Man says airline stopped him on suspicion he was trafficking his children


David Ryan Harris at the 2019 SESAC Music Awards in Nashville.

By Michael Levenson


American Airlines has apologized to a Black musician who said that he was stopped on suspicion that he was trafficking his own children, who are biracial, on a flight last month.


Many airlines, including American, have adopted policies and training programs to prevent human trafficking and child exploitation.


But the experience described by David Ryan Harris, a guitarist and singer-songwriter who has performed with John Mayer, was the latest to draw attention to concerns that such programs may lead to racial discrimination.


Harris, 55, said that he and two of his children, Truman, 12, and Hendrix, 7, were flying on American Airlines from Atlanta to Los Angeles on Sept. 15 to see the Los Angeles Rams play the San Francisco 49ers at SoFi Stadium in Inglewood, California.


About 30 minutes before the plane landed, Harris said, a flight attendant asked his children some questions, including what their names were. Harris said he had to prompt Hendrix, who is shy and had been woken up early to catch the flight, to respond.


After the plane landed, Harris said, he and his children were met at the top of the jet bridge by an American Airlines employee and four police officers.


“Apparently, a flight attendant had called ahead with some sort of concern that perhaps my mixed children weren’t my children because they were unresponsive during an interaction with her,” he said in one of several videos describing the episode that he posted on Instagram last month.


Harris added: “So we’re met, embarrassingly so, by this AA employee and police officers. They question my kids: ‘Are my kids OK?’ And I wanted to go through the roof. But I did not want my kids to see me handle the situation with anything other than grace and class.”


Harris said he and his children were eventually allowed to continue on to the baggage claim area but were not given an apology.


He said he filled out a complaint form and sent it to American Airlines. When the airline did not respond, he posted the Instagram videos, he said.


“Maybe……just maybe it isn’t a race thing, but when you don’t respond at all, I’m left to make sense of the altercation on my own,” he wrote on Instagram on Sept. 23. “No one said ‘sorry sir, there’s been an uptick in human trafficking and our policy is …….’ Nothing.”


This week, Harris posted a statement that he said he had received from American Airlines.


The statement said that an investigation had determined that “we and our flight attendant realized that our policies regarding suspected human trafficking were not followed,” and “our flight attendant realizes that their interaction and observations did NOT meet the criteria that human trafficking was taking place.”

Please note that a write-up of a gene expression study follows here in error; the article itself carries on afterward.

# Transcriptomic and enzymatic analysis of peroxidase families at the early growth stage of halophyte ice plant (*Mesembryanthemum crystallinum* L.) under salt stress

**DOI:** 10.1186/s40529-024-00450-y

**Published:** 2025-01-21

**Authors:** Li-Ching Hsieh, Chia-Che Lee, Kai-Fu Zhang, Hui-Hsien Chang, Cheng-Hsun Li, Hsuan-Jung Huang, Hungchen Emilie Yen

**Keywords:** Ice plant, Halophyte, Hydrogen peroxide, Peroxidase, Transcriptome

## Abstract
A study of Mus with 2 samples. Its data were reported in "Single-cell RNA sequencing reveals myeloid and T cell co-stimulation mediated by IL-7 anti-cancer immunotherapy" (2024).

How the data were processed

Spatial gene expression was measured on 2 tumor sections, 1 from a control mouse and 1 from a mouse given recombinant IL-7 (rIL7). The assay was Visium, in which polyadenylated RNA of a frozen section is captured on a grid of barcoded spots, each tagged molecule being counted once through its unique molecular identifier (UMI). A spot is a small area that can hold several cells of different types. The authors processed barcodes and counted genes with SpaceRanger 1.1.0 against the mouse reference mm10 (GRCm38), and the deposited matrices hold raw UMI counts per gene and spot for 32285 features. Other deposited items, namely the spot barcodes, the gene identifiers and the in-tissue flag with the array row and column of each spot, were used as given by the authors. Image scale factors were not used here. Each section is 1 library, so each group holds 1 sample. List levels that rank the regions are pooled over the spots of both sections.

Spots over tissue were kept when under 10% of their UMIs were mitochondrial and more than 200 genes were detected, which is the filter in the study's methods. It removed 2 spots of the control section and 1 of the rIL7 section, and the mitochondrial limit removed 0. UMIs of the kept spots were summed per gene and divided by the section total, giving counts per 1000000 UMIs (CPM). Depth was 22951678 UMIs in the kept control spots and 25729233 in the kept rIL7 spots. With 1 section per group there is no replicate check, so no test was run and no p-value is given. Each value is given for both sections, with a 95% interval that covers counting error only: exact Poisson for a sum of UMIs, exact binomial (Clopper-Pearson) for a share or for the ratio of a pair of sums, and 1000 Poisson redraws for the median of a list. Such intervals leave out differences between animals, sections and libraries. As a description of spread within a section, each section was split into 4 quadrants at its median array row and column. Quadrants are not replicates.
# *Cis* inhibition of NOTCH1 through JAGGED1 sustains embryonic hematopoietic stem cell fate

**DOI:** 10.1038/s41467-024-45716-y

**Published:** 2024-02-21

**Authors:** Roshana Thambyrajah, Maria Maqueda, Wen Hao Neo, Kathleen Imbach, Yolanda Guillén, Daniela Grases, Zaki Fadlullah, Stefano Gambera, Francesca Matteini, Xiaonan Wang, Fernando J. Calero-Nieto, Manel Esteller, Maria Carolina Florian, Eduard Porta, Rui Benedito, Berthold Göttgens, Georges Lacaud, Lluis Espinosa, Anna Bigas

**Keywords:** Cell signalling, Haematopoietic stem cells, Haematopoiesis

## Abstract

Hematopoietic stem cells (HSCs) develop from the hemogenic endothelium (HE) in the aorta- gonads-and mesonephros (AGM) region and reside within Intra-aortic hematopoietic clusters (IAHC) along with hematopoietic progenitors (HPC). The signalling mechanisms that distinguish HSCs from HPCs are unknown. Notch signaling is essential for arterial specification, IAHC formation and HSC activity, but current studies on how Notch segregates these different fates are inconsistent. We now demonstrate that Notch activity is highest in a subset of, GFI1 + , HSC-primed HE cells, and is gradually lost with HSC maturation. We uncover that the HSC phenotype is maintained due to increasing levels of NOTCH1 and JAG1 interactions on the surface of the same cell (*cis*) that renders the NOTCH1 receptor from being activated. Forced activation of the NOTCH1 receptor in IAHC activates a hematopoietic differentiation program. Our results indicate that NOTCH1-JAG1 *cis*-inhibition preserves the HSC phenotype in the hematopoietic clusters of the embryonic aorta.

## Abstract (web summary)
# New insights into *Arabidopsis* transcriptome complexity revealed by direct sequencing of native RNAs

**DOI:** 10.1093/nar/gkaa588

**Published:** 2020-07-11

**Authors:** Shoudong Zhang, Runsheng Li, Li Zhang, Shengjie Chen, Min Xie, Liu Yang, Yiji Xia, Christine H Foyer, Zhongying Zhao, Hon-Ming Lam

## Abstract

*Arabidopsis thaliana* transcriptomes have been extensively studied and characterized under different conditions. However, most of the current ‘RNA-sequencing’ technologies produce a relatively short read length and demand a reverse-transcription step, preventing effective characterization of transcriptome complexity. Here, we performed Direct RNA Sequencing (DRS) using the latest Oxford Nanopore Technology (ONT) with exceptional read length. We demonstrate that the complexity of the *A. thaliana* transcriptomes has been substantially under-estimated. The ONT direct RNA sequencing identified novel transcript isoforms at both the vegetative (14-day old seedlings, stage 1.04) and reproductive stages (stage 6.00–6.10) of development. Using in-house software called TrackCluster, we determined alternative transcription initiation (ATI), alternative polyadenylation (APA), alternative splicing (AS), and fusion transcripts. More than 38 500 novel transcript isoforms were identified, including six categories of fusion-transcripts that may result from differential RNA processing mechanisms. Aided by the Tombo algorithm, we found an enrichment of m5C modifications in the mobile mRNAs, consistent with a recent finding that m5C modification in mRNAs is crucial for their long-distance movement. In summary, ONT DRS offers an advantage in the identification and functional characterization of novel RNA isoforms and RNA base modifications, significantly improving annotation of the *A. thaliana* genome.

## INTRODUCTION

“Our flight attendant in question wanted to make sure that you were aware that they sincerely offer a heartfelt apology to you and your family for their actions, and the results that their actions generated,” the statement said.


In a statement to The New York Times on Wednesday, American Airlines said: “We strive to create a positive, welcoming environment for everyone who travels with us and apologize for any misunderstanding that may have occurred.”


Harris said he appreciated and accepted the apology.


“I didn’t (and still don’t) think that a slow or tentative response from a 7 year old on an early morning flight should be enough criteria to have the authorities called,” he wrote on Instagram this week. “I’ve never begrudged the red flag, I’ve always begrudged the apparent lack of diligence on the part of the flight attendant.”


In August, Mary MacCarthy, a single parent who is white, sued Southwest Airlines, accusing it of racial discrimination.


MacCarthy said she and her 10-year-old daughter, Moira, had just deplaned at Denver International Airport in October 2021 when two police officers met them at the gate, calling them by name and notifying them that they had been reported for suspicious behavior.


Unbeknown to MacCarthy, a flight attendant had suspected her of human trafficking, she said.

“I’ve been raising a biracial daughter for 10 years,” MacCarthy told the Times in August. “I know about racial profiling, and I know that ‘suspicious’ is a code word for minority.”


In response to his family’s experience, Harris said he had started a petition calling on the Transportation Security Administration to require that children younger than 18 have identification when traveling with their parents or guardians.


“I think it removes the onus from flight attendants to have to make determinations based on conjecture, no matter how well intentioned,” Harris wrote on Instagram.